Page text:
How to Remotely Debug Django Apps Hosted in EC2 with Pycharm

Remote debugging is a pretty sweet addition to your dev toolbelt, but sadly the amount of documentation out there on how to debug django apps running on EC2 is very scarce. Sight no more! This Karumi contribution is here to throw some light on this matter! 

Pycharm is by far the best IDE to develop django apps, offering a very nice set of features to do remote debugging. It’s worth every dollar you spend on it.

This guide assumes that you have the keys to connect to your EC2 instance and that you have a django application deployed directly in EC2 of through Amazon Beanstalk. If you are using autoscaling and have more than one instance, you might need to repeat the request until you hit the instance you chose as the remote interpreter. You can check the official AWS documentation.

This is how awesome django app looks like:


1 - Get the public IP of your EC2 instance.

Just go to the EC2 panel, select Instances, click on the appropriate instance and click Connect (yeah, the IP shows up at the bottom but as we will be using this later, we rather do it this way).


You will then see this window:


Make sure to keep this window open as we will be copying and pasting stuff from it. Also, make sure to connect to your EC2 instance following the following instructions.

2 - Setup the remote python interpreter from your EC2 instance.

Just go to your project’s Preferences and select Python Interpreters, click on the cog in the upper right corner and select Add Remote.


Go ahead and fill up the form, it’s pretty straightforward.


The only “special” thing here is the python interpreter path. You can figure this out for yourself by connecting  to your instance, loading the virtualenv and asking for the python interpreter path, just like this:


Now pycharm will start setting up the helpers on the remote machine. This might take a while. By the end of the process you should have the interpreter setup in your pycharm.

3 - Edit the Run/Debug configurations.

Click Edit Configurations from the dropdown menu in the upper-right corner: 


We will need to configure some stuff here!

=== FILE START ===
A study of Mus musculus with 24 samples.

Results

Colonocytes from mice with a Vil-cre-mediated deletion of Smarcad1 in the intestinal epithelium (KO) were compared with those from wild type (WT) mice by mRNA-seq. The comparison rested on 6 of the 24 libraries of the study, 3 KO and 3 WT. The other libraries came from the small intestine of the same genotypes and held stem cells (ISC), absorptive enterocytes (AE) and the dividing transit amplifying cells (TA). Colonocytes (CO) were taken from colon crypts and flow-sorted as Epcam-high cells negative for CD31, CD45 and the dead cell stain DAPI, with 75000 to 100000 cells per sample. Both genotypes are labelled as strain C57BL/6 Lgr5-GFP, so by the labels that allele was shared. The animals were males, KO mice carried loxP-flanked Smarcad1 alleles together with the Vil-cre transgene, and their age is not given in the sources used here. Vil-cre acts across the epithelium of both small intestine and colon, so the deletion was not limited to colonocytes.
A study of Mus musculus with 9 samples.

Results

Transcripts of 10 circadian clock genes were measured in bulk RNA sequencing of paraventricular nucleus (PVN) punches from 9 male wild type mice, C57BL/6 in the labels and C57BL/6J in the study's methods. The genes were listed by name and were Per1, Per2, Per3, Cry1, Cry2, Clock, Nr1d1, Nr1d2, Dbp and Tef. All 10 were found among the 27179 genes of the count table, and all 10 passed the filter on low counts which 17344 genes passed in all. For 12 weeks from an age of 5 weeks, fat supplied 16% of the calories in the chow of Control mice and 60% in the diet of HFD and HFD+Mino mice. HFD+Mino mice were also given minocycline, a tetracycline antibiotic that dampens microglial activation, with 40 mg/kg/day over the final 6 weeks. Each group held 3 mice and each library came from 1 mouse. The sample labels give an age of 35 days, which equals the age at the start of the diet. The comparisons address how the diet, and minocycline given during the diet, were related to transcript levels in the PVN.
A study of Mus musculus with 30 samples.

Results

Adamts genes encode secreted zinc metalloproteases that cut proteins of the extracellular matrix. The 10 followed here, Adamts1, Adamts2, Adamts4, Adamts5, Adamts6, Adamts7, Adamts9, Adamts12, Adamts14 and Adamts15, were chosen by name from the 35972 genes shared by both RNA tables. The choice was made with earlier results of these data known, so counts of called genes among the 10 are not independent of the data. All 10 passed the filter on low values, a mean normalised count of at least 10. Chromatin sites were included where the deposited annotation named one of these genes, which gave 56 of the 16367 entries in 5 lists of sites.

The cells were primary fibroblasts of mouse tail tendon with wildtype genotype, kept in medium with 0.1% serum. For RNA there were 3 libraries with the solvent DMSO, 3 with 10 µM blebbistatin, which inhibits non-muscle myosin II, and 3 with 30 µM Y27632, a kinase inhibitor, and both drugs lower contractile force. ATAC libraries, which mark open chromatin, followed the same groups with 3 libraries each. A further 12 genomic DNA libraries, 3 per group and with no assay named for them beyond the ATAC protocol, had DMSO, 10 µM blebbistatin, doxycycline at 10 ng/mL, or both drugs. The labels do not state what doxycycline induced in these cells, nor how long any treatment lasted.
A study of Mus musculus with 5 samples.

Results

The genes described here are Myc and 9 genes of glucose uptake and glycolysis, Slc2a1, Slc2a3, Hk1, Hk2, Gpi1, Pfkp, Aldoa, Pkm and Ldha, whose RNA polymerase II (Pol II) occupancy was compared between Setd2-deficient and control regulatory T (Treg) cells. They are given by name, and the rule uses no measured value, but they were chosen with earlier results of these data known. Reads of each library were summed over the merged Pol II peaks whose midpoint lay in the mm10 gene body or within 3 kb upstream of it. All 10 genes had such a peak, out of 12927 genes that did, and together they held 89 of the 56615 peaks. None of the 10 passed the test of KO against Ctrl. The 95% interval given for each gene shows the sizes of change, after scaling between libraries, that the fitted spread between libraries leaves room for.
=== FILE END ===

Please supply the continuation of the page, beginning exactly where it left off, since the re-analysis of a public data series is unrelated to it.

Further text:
First, make sure that the just configured python interpreter is selected.


Next, we need to pass along all the environment variables that Amazon passes to our django code. We can check which ones they are by executing

$ cat /opt/python/current/env

in the EC2 instance.


As this is a very simple app, you will only need the settings module. However, if you use RDS, S3 or similar services you might need to pass many more environment variables (even the AWS access and secret to interact with Amazon services though boto). You don’t need to pass PYTHONPATH nor PATH.

Now go to pycharm and click on the Environment Variables … icon and add the names and the values there. This is how it will look like:


Additionally, we have to add the mapping path so pycharm is able to associate files in the EC2 instance with correspondent files in our local machine. To figure out where the code is lacted in the EC2 instance we just do

$ ls -la /opt/python/current

This is the output in our case:


This folder contains an app folder that contains the django app. So the mapping path would be something like this:

/your/path/to/your/django/application <-> /opt/python/bundle/3/app

Now go to pycharm and click on the Path Mappings … iconThis is how it will look like:


Finally set the host as so django is able to listen all IPs and the port to 8000 (or any port that you are currently not using). The reason is that pycharm will start a development server using this data, and we want that server to listen to all requests coming through the port 8000.

You can click now OK and save the configuration, but we are not done yet, one last step to go!

4 - Open port 8000 in your EC2’s security group.

This is the last step! Just go to your instance’s security group (you can access to it directly from the EC2 instance details panel) and open port 8000.


5 - Enjoy!

Now you can click on the Debug icon in pycharm and you will see something like this in the debug console:


Cool! Now let’s set a breakpoint in the only view of this application. Go to the browser and open If everything went well, you will see something like this in pycharm:


Wohooo!!! From here on it’s just a regular debugging session where you can step over, evaluate, etc.


And that’s it! We truly hope this guide will be of your help.

- Davide & Alberto on behalf of all Karumies.